Playwright: W. A. Mozart ( music ); Lorenzo Da Ponte ( libretto )
At: Lyric Opera of Chicago, 20 N. Wacker Dr. Tickets: 312-827-5600; LyricOpera.org; $49-$258. Runs through: March 16 ( in repertory )
When summoned to battle, clean-shaven young noblemen Ferrando ( Andrew Stenson ) and Guglielmo ( Joshua Hopkins ) bid farewell to the virginal and naive sisters to whom they are engaged, Fiordiligi ( Ana Maria Martinez ) and Dorabella ( Marianne Crebassa ).
Within 24 hours the sisters are prepared to marry two bearded Albanians they've just met, and about whom they know nothing. They do not recognize their own fiances in disguise, testing the sisters' fidelity to win a bet with Don Alfonso ( Alessandro Corbelli in a particularly deft performance ), the older, wiser man who is the opera's agent provocateur. Between Don Alfonso, the young men and the sisters' worldly maid, Despina ( Elena Tsallagova ), the women clearly are badgered and entrapped ... although Mozart and Da Ponte almost certainly didn't see it that way.
This production of its farcical, fluffy Cosi fan tutte first was seen at Lyric Opera in the 2006-07 season. It remains a physically charming presentation, with airy and summery pastel-colored designs, across which one literally sees the fresh sea breezes blowing. Mozart's music is impeccable, of course, and is beautifully played and sung by a company under James Gaffigan's sure baton. The cast is on-point, youthful in look and spirit, supple in voice and also convincing as actors in this interpretation, conceived in 2004 by director John Cox, and restaged now by Bruno Ravella, with the understanding that material this precious requires a light touch.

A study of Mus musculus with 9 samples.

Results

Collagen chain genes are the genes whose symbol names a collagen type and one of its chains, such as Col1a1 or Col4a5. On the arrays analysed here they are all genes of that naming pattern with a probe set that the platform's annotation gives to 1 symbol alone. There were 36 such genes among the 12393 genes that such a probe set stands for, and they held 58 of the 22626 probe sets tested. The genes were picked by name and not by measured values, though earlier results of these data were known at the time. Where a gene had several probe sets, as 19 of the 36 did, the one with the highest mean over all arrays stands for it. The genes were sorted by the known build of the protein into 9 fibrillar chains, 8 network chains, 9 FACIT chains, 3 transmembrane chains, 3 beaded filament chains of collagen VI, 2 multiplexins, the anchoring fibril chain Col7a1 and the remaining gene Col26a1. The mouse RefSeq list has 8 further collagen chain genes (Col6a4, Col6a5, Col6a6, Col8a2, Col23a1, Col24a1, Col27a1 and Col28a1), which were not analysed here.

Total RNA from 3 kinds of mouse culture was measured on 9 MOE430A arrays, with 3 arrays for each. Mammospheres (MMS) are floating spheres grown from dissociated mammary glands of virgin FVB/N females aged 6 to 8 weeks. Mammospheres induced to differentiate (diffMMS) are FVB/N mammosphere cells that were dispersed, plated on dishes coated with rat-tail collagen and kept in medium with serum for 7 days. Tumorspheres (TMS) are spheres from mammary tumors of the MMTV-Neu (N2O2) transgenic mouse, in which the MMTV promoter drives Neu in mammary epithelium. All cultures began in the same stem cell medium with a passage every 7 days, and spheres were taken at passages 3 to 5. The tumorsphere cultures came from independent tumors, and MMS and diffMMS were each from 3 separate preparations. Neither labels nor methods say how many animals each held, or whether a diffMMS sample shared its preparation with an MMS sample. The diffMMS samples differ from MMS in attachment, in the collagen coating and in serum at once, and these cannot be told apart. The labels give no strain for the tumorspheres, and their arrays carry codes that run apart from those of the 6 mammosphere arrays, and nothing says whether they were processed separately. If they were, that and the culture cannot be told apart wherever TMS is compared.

I use "precious" in the sense of affectation concerning refined behavior, because Cosi fan tutte ( roughly "all women are the same" in modern English ) certainly is that. Even when new in 1790, Da Ponte's admittedly-witty libretto was seen as merrily cynical, or at least sardonic, with its view that all womeneven "good girls"are inconstant, weak and pliable, while men are steadfast and faithful. I wonder how women responded to Cosi in its own era, when powerful Catherine the Great still ruled Russia, and Austria's own great empress, Maria Theresa, was only 10 years dead.
This production sets the story in 1914 Monte Carlo. The call-up of Ferrando and Guiglielmo is faked, yet one knows that World War I shortly will engulf both young men, who soon may be dead or maimed. Cox underscores this by having soldiers in gas masks silently enter in the final moments. There's contemporary resonance as well, as both the Afghan and Second Iraqi wars were underway when this production first was seen in 2004 ( in Monte Carlo ) and 2005 ( San Francisco ).
Running three hours ( plus a 30-minute intermission ), Cosi fan tutte is dramatically repetitivetypical of many antique operasalthough never slow. Francis Rizzo's projected English titles instantly capture Da Ponte's wit and humor, making Cosi easy to take and understand.